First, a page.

Archive for December, 2007

Managing a Modern, Global Firm

Sunday, December 30th, 2007

As 2007 draws to a close, I would like to recommend one of my favorite books of 2007:  Managing the Modern Law Firm, edited by Laura Empson (Oxford University Press 2007).  The book analyzes large, international law firms, and explains clearly why some succeed–and others don’t.  For more on this topic, read my recent review. 

Scents: A New Client Development Tool?

Wednesday, December 12th, 2007

Scents: the new client development tool.  Well, why not?

This week’s Economist discusses how odors–even faint ones– are proven to influence our judgments about other people.  Scents and Sensitivity describes a study in which participants reacted to photos of other people and rated their “likeability” while smelling even undetectable traces of various odors (both pleasant and unpleasant).  The undetectable bad odors negatively influenced how the participants felt about the people in the photos, whereas pleasant odors created a positive reaction.

So, if you want other people to like you–especially potential clients–should you alter your scent for a desired response? According to the article,  the study shows how scent can be used as a “powerful method of manipulation” in the business context. It suggests that business people might increase the success of their meetings by releasing small amounts of pleasant scent into their conference rooms.

So, could an attorney increase his or her rainmaking by wearing a pleasing scent? Perhaps.  If so, how can a lawyer determine which scents will appeal to which potential clients? 

A person’s cultural background may impact which scents smell pleasing.  To take a common example from the field of cuisine, the smell of juicy steaks likely appeals to beef-loving Americans but repels many Hindu Indian nationals.

Of course, a client’s personal preference will influence what he/she finds appealing, and there is no guaranteed way to know a potential client’s scent preferences–without asking. However, here are some rules of thumb about using perfumes and cologne:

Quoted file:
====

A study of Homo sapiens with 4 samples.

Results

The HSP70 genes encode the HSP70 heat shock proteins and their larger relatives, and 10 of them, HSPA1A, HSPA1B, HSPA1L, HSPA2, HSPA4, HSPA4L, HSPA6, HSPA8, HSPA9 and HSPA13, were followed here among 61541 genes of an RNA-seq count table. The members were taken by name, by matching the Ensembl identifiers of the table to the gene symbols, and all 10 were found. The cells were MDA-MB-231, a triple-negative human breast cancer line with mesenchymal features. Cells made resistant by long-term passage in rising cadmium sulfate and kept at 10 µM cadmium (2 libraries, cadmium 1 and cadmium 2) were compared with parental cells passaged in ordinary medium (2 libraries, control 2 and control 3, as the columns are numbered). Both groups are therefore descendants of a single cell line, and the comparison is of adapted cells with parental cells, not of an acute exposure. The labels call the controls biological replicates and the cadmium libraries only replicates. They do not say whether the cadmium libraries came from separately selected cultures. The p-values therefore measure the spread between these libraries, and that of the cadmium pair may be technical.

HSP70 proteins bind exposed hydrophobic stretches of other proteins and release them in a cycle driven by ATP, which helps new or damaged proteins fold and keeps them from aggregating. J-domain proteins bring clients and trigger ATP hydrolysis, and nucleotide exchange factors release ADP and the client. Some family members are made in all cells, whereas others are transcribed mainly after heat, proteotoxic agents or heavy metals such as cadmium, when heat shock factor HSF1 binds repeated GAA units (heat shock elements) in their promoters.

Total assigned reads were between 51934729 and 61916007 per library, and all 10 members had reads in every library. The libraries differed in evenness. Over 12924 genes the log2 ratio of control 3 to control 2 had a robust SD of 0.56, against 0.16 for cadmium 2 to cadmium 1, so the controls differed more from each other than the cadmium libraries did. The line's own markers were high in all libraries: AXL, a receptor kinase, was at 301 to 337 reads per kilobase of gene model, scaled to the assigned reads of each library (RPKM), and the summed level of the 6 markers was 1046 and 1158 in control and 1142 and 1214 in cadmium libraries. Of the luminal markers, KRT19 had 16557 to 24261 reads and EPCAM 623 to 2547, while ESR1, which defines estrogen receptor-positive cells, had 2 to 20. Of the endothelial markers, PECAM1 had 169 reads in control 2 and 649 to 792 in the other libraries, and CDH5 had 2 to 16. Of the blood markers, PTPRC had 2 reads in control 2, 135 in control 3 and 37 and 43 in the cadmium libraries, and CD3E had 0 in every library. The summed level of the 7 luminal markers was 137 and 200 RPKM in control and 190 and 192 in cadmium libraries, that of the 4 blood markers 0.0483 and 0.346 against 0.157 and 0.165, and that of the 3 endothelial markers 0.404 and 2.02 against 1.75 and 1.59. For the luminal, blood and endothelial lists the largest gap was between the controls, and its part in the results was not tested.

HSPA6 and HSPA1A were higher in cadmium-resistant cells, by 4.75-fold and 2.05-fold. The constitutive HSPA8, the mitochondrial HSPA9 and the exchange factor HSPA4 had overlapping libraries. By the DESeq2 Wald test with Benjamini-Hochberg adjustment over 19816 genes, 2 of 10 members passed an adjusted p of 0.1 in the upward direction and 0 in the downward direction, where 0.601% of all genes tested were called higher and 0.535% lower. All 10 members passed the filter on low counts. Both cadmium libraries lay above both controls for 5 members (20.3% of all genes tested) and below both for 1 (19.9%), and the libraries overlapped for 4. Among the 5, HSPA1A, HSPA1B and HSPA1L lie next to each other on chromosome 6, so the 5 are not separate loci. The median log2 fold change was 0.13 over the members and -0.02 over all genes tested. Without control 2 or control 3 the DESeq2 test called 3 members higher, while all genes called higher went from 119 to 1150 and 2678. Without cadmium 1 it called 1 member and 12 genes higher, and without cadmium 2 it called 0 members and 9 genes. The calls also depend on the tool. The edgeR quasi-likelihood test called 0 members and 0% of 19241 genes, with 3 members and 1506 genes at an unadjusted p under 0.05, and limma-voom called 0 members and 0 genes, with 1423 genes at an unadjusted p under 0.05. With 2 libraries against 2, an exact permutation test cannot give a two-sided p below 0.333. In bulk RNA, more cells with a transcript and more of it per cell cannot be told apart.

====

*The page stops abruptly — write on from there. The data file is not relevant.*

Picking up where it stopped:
1.  Do not wear too much.  If you fear that you have doused yourself too enthusiastically, ask a neutral third party (spouse, colleague, hotel concierge etc…) before entering a client gathering. Remove some in the bathroom before entering the event.

2. Women (and men) should avoid overly floral scents at business gatherings. Floral scents suggest femininity; while this is not bad, it may reinforce certain stereotypes.  Opt for a pleasing but gender neutral scent (like one produced by Hermes), or at least perfumes that is not excessively floral. 

3. As a general rule, scents with hints of citrus are considered pleasing in most cultures.

4. If you will be interacting with people from a culture that is unfamiliar to you, gather advance feedback about appropriate dress–and even scents.  Call (anonymously if you wish) embassy personnel or someone else familiar with that culture.

As long as it captivates others, why not add scent to your ainmaking toolkit?

Brand Yourself Authentically to Improve Business Relationships: Presentation to Georgetown University Alumni

Sunday, December 2nd, 2007

This Tuesday I am speaking to Georgetown University alumni via a teleclass about using personal branding to improve business relationships. (Click link for handout:  Use Personal Branding to Boost Business Relationships.pdf.)  Even if you are not participating in the teleclass, refer to the handout’s suggested resources to learn more about personal branding.

When I speak to groups of professionals about cross cultural client development, the issue of”personal branding” always seems to arise. In other words, professionals want to know how to brand, market and present themselves in a way that communicates their attributes and enhances their rainmaking at home and abroad.

Tom Peters coined the term “personal branding” in his 1997 article for Fast Company called The Brand Called You. As Peters explained, “We are CEOs of our own companies:  Me Inc.  To be in business today, our most important job is to be head marketer for the brand called You.”  In other words, how you present yourself will greatly impact your career success. 

Competition for clients remains fierce in today’s global economy. One way that you can improve your position is to communicate clearly to everyone–but particularly to clients, prospective clients and co-workers–your uniqueness and value.

Make sure that your brand is consistently and correctly reflected in your website, business cards, demeanor, appearance etc… And perhaps most important, make sure that your brand is authentic.  Do not try to portray yourself as something that you are not. 

To figure out your brand, start by gathering feedback about yourself.  Use diagnostic tests (like 360s, Meyers Briggs, DiSC); feedback from colleagues, clients and peers; and other resources, to define your best attributes.  Use this data to figure out your brand–the positive and negative–and then take proactive steps to improve it.  Try to correct any unflattering traits (self centeredness, procrastination etc…) that negatively impact your brand and reputation.  Similarly, try to build on what is positive and special about your brand and reputation by enhancing your attributes.

So, brand–or perish.  After all, as Tom Peters said in his seminal article, “It’s a new brand world.”